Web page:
Simon Nicholson

Born3 October 1934
Died17 January 1990
NationalityEnglish
EducationRoyal College of Art (First Year), Trinity College, Cambridge
Known forPainting, Sculpture

Simon Hepworth Nicholson (3 October 1934 [1] - 17 January 1990) was the son of artist Ben Nicholson and his second wife, sculptor Barbara Hepworth.

Four years after Simon and his twin sisters Sarah and Rachel were born, their parents married. Nicholson attended Dartington Hall School before studying sculpture at the Royal College of Art from 1953 to 1954 and then archaeology and anthropology at Trinity College, Cambridge from 1954 to 1957.[2] Like his parents, Nicholson lived and worked in St Ives from 1960 to 1964.

He moved to the USA in 1964 to teach, firstly at the Moore College of Art and Design, Philadelphia and then at the University of Berkeley, California. During this time he had solo exhibitions in San Francisco and Pittsburgh. Simon returned to England in 1971 and was an Open University (OU) lecturer until 1989. He became chairman of the Art and Environment course at the OU, which developed into a popular practical arts module (TAD292). The associated week long summer school achieved some notoriety.

After his death, a retrospective exhibition at Falmouth College of Arts and Dartington Hall was held in 1999.

In addition to Simon and his parents, the Nicholson family also produced four other artists, his grandfather William Nicholson, aunt Nancy Nicholson, sister Rachel and half-sister Kate Nicholson.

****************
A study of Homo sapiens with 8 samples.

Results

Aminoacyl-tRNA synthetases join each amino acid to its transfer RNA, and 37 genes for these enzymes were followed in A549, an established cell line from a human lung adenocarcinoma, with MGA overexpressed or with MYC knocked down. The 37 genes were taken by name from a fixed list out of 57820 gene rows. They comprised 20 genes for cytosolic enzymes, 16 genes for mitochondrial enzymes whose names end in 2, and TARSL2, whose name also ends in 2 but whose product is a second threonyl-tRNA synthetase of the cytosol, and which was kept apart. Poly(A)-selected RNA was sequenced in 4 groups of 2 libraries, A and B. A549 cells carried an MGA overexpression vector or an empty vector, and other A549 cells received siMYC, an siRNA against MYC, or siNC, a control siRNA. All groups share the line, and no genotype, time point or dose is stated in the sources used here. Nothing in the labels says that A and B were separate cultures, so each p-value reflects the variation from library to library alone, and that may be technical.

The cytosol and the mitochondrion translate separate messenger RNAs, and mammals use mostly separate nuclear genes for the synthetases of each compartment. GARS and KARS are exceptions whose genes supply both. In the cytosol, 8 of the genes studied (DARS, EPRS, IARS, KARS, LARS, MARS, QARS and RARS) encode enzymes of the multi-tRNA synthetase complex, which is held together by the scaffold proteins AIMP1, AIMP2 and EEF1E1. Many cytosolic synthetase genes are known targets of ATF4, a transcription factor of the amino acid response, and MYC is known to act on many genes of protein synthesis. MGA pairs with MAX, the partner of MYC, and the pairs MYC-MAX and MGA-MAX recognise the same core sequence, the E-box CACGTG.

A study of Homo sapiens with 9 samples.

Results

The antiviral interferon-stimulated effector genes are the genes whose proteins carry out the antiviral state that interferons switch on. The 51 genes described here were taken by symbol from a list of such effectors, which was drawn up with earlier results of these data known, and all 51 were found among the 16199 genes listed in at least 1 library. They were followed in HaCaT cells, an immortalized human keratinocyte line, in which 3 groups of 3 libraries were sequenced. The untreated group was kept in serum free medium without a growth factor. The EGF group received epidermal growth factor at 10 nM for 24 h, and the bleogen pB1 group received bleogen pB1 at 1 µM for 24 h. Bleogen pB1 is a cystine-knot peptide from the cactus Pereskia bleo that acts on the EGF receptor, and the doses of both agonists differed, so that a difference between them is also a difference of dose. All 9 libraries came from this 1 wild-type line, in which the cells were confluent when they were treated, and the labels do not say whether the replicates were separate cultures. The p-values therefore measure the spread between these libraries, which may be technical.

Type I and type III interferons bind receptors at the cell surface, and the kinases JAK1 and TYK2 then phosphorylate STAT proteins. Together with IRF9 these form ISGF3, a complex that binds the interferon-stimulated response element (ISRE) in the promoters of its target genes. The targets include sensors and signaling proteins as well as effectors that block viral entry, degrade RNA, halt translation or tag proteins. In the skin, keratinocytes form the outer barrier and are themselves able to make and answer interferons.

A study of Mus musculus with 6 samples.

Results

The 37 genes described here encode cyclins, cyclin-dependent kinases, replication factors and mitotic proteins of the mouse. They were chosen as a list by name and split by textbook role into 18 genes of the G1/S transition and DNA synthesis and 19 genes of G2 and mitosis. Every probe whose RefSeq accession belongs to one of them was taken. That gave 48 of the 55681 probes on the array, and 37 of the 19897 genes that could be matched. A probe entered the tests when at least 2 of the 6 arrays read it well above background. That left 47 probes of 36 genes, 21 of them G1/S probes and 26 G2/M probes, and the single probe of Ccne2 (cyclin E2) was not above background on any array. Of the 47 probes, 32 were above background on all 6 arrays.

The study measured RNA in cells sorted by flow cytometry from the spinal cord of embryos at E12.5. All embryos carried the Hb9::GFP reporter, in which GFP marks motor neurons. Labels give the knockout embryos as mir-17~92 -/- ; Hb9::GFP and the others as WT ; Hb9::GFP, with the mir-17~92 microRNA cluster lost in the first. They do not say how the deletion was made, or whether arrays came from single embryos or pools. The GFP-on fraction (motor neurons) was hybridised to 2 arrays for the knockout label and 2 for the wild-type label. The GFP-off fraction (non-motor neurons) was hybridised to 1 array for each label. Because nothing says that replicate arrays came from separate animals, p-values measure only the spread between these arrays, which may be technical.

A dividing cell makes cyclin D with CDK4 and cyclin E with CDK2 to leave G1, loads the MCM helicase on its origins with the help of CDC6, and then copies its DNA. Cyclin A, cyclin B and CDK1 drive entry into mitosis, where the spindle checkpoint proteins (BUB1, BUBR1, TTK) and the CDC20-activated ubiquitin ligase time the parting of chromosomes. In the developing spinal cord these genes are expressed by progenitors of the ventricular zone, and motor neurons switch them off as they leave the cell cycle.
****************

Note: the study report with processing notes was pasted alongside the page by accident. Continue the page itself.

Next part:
Interests and influence[edit]

Nicholson's work is characterised by an interest in the texture of different surfaces and materials, often taking the landscape as its starting point.[3]

His "Theory of Loose Parts", outlined in a 1971 essay, has been inflential[4] in playwork, early education and interactive installations of all kinds. He summarised the theory as: "In any environment, both the degree of inventiveness and creativity, and the possibility of discovery, are directly proportional to the number and kind of variables in it.”[5][6] Nicholson's definition of loose parts was broad. In a playwork context, it might include:[7]

  • "natural resources – such as straw, mud andpine cones"
  • "building materials and tools – planks, nails, hammers"
  • "scrap materials – old tyres, off-cuts of guttering"
  • "bark which can be both safe playground surfacing and a loose part"
  • "and, most essentially, random found objects."

For Nicholson, the definition was even broader: "There is evidence that all children love to interact with variables such as materials and shapes; smells and other physical phenomena, such as electricity, magnetism and gravity; media such as gases and fluids; sounds, music and motion; chemical interactions, cooking and fire; and other people, and animals, plants, words, concepts and ideas. With all these things all children love to play, experiment, discover and invent and have fun. All these things have one thing in common, which is variables or 'loose parts'."

References[edit]

  1. ^ "Barbara Hepworth Biography" barbarahepworth.org 9 September 2011
  2. ^ http://www.cornwall.gov.uk/index.cfm?articleid=29180[permanent dead link]
  3. ^ http://www.kettlesyard.co.uk/collection/biog.php?w_artist=Simon+Nicholson&Search=-+submit+-[permanent dead link]
  4. ^ Robertson, Juliet. "Simon Nicholson and The Theory of Loose Parts – 1 Million Thanks — Creative STAR Learning | I'm a teacher, get me OUTSIDE here!". creativestarlearning.co.uk. Retrieved 29 November 2018.
  5. ^ Nicholson, Simon (October 1971). "How Not To Treat Children: The Theory of Loose Parts". Landscape Architecture. 62: 30–34. |access-date= requires |url= (help)
  6. ^ Weinstein, C.S.; David, T.G. (eds.). Spaces for children : the built environment and child development. Plenum Press. p. 205. ISBN 978-1-4684-5227-3. Retrieved 29 November 2018.
  7. ^ Play Wales (July 2017). Resources for playing : providing loose parts to support children's play : A Toolkit (PDF). Play Wales. p. 6. ISBN 978-0-9932410-4-8. Retrieved 29 November 2018.